Apple chief Tim Cook passes his first test
"The decision to come to Apple in 1998 was not so obvious," Tim Cook told a graduation ceremony at Alabama's University of Auburn in May 2010.
"Apple in early 1998 was very different. There was no iPad, no iMac or iPhone. There wasn't even an iPod."
Lasting just under 20 minutes, Cook's description of joining Apple provided a rare glimpse of a private man who, just two months ago, ascended to the most powerful throne in Silicon Valley.
On Tuesday, more than a year on, we got a second look. And this time the audience measured in the millions and the expectations were far higher than speaking at Auburn, where Cook left with a degree in engineering.
"This is my first product launch since being named CEO," Cook told the audience at Apple's headquarters in Cupertino, California. "I'm sure you didn't know that." Having opened with a one-liner, Cook then delivered the rest of his address without betraying any nerves or looking at the autocue, according to those who saw the event.
Cook, of course, will have known that trying to imitate Steve Jobs would have been fruitless. Decked out in New Balance trainers, jeans and a black sweater, Apple's co-founder turned the product launch into the most powerful weapon in the company's marketing arsenal. The press are barely allowed to ask questions, but still lavish valuable column inches on the latest gadget to roll off Apple's production line. It's little wonder that the latest generation of technology entrepreneurs have tried to recreate the Jobs recipe. "It's a key part of the Apple package," said Colin Gillis, an analyst at BGC Partners.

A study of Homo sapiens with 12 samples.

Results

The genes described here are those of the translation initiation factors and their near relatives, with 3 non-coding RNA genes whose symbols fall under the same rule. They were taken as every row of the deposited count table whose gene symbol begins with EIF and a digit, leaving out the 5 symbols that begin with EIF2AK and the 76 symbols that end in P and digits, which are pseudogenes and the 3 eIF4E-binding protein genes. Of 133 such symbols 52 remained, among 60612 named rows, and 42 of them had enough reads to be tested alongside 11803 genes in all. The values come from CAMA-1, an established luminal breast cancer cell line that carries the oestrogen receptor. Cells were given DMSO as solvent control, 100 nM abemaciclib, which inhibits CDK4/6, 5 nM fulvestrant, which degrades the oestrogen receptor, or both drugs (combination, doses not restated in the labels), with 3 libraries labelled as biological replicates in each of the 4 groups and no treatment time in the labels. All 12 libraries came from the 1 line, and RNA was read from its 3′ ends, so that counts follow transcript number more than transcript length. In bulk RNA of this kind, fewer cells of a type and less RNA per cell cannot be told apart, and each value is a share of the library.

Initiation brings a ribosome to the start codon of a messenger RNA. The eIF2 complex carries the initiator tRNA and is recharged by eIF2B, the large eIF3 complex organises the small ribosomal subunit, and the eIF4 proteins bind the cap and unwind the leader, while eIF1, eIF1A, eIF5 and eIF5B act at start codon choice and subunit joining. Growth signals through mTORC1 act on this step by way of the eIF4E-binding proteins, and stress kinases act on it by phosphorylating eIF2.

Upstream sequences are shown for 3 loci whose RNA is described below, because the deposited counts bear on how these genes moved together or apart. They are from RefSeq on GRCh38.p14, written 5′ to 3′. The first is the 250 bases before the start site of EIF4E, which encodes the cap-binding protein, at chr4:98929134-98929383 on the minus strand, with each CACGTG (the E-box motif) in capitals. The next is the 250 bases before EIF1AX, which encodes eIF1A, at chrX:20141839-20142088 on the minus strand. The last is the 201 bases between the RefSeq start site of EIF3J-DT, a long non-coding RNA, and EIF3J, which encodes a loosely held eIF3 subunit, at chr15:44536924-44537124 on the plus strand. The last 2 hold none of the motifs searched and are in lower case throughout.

But as even the most militant marketing executive would admit, a brilliant presentation won't make anyone buy a product they don't want. Especially not on the industrial scale that Apple has been selling them. A record 20.34m iPhones and 9.25m iPads were dispatched in the second quarter. While the product launch has become an important ingredient in Apple's mystique, the real challenge for Cook isn't whether he's wearing New Balance or Nike trainers. It's whether under his leadership Apple can continue to reinvent the world of consumer technology in the way it did under Jobs. We may not get a quick answer.
The latest iPhone, as well as the next version of the iPad that's expected in the spring, will have the creative fingerprints of Jobs all over them. Having stepped down as chief executive for health reasons, Jobs is now chairman and it's not clear what his future involvement will be. What's clearer is that Cook faces tougher competition from Google and Amazon as smartphones and tablet computers continue to consign the PC to history. Equally important, though, are the relatively untapped markets like China that are still available to Apple and the consumer technologies – such as television – that it has so far failed to bring under its spell.
On Tuesday Cook offered plenty of time for Apple's senior executives to strut their stuff. And we may well see an Apple with more public faces now that Cook is in charge. Questions remain over whether Cook can provide the inspiration for another decade of best-selling products, but Wall Street has no doubt that he can get the devices to the customer. He is credited with greatly improving Apple's supply chain.
Observers say Tuesday's test was passed, but it will have also been a reminder to Cook that there's plenty required to keep Apple the world's most valuable company.